Dental unit waterlines – the full approach

dental unit waterlinesWe explore dental unit waterlines and how to avoid biofilms developing, as well as staff training to ensure procedures are up to date.

Biofilms containing many types of bacteria have long been known to develop in dental unit waterlines and spread infection.

The risks to staff and patients are very real. In particular to vulnerable patients such as those receiving immunosuppressants, elderly or young patients. As well as those who choose to smoke and drink.

Most practices now implement a treatment protocol. However, biofilm development is an insidious problem. There are many small factors contributing to the bigger problem of unsafe waterlines.

Routine treatment

Most dental unit waterline treatment products are used either as a daily or weekly treatment. Routine treatment is essential as biofilm formation is frighteningly quick.

Studies show the biofilm can form in dental units in as little as 72 hours. Regular purging in the morning and after each patient with a biocide such as Alpron is an essential component of any dental unit treatment protocol.

We spoke to Laura Edgar, managing director at Aura Infection Control, specialist dental decontamination company.

Laura said: ‘Recent scientific research proves conclusively what we have always known. Alpron and Bilpron deliver highly secure dental units.

‘The study perfectly illustrates that continuous treatment offers significantly better results than intermitted treatments.’

Clean water bottle disinfection

The clean water bottle is not the most obvious source of contamination. But it can be a route for pathogens to enter waterlines, especially if handled incorrectly.

Introducing a weekly or bi-weekly cleaning and disinfection protocol for your clean water bottle is a smart move. Choose your cleaning product carefully for this task.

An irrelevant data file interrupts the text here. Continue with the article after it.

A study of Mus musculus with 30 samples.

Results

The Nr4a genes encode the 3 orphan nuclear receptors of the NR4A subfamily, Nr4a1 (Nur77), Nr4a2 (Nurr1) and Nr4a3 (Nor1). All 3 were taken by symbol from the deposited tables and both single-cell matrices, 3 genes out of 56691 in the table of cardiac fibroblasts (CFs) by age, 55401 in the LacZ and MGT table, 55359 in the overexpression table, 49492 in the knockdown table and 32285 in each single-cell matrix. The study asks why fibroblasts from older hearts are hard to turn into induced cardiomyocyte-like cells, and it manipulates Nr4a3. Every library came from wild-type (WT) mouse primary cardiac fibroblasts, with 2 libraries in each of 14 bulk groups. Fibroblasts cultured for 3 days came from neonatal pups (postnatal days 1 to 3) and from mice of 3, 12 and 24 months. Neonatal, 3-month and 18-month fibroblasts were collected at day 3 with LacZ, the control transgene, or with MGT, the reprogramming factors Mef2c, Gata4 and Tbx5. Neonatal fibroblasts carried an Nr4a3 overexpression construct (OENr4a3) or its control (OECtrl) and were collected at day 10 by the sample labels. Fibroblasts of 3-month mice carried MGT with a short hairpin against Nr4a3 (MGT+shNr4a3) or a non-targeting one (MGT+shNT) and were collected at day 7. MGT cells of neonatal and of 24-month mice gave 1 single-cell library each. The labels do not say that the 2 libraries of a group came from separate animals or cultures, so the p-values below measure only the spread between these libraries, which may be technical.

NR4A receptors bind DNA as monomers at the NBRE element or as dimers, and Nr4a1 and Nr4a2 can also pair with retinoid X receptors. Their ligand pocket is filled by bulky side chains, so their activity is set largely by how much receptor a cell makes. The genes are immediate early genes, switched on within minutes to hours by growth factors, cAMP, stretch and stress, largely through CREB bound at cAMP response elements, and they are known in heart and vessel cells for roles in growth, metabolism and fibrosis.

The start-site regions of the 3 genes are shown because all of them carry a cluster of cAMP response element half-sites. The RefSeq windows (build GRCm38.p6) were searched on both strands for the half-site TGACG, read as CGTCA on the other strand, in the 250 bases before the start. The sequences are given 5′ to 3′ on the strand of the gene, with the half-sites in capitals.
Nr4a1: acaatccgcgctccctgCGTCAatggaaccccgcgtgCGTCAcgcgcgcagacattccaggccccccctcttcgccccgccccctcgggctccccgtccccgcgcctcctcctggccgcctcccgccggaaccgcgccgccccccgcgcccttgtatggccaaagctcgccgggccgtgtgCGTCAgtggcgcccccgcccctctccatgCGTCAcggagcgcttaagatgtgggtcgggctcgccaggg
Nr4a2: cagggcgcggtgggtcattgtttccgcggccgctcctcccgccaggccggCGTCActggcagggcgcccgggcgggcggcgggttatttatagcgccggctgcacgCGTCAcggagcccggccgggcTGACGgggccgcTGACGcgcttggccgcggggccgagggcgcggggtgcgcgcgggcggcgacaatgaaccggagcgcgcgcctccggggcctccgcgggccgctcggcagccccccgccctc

The clean water bottle is a medical device. As such a CE-marked product, for example, BC-SAN must be used for cleaning and disinfection. Alternatively, use a washer-disinfector for this task.

Source water testing

Regular testing of waterlines provides evidence that your waterlines are producing drinking quality water (less than 100 cfu). It allows you to monitor trends and take action before problems arise.

There are some highly effective dental unit waterline sampling programmes available.

One less mentioned area is the testing of source water. It is important that we don’t introduce contamination from the water we add to the system.

This is especially important if you are using reverse osmosis (RO) water in your dental unit waterlines. RO membranes occasionally fail and produce water below the drinking water standard.

Downtime and routine disinfection

Bank holidays or extended periods of downtime where water is stagnant is the perfect opportunity for biofilms to form. Simply draining the system does not prevent biofilm formation.

A specially formulated holding solution such as Bilpron is the perfect weapon for your arsenal. Bilpron will prevent biofilm formation for up to three months. In addition, you can also use it for routine disinfection for additional peace of mind.


Staff training

Adding all the above together is a lot to take in. Ultimately, it comes down to the dental team to ensure they follow all steps and protocols.

Staff team training will help to minimise any mistakes and ensure that they follow the protocol correctly. This can be either done as part of regular team meetings, or a dedicated ECPD team course can be completed.

‘Staff training is key’, added Laura. ‘It is vital to keep staff trained on waterline management as this plays an important part in the effectiveness of the system.’

Free resources

There are many free resources available to help dental practices in their ongoing war against contamination such as dental unit waterline protocols and decontamination room checklists.